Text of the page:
Sainsbury’s stops mortgage sales

Sainsbury’s stops mortgage sales
Sainsbury’s Bank has become the latest lender to exit the mortgage market, just six months after Tesco announced that it was pulling out of mortgages.

Sainsbury’s said it would stop offering new mortgages with immediate effect as part of plans to simplify the business and improve margins and cashflow.

According to a recent report in The Daily Telegraph, the supermarket bank’s mortgage business could sell for as much as £1.3bn if a buyer can be found.

Tesco confirmed last month that it had agreed a deal with Lloyds Bank for it to takeover its mortgage book. More than 23,000 residential mortgage customers will see their mortgage moved across to Lloyds’ Halifax division once the deal goes though.

Tough times for lenders

Tesco Bank and Sainsbury’s Bank were both launched in 1997 as challengers to the big high street banks.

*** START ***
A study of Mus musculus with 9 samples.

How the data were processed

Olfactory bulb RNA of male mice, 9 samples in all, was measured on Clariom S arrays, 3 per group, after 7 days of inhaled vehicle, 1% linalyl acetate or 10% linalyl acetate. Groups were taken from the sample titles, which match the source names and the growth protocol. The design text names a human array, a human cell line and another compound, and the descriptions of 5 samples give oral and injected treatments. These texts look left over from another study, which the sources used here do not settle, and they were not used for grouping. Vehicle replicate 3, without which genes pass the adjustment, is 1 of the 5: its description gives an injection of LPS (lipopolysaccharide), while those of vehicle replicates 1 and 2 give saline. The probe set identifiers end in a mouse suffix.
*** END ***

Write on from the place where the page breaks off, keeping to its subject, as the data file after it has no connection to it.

Tesco began selling mortgages in 2012, with Sainsbury’s re-entering the mortgage market in 2017, having left it for a period of 12 years to concentrate on selling insurance.

However, recent years have proved difficult for smaller lenders, with low mortgage rates making it much harder to profit from mortgages, and compete with the big banks.

Impact on Sainsbury’s mortgage customers

If you have a mortgage with Sainsbury’s Bank, there’s no need to panic. Your mortgage deal will continue as normal, as even if a bank decides to stop selling new mortgages, it must stick to the terms and conditions of any mortgages already taken out.

Sainsbury’s Bank may now be looking for a new lender to take on its mortgage book, and if it is bought by another lender, they must also agree to keep the terms and conditions of existing mortgages in place.

Whether you’re with Sainsbury’s or a different lender, it’s still a good idea to regularly review your mortgage to make sure you aren’t paying more than you need to.

Low interest rates mean that there are plenty of competitive deals to choose from, with two-year fixed rates starting at less than 1.25% for those looking to borrow less than 60% of the property value.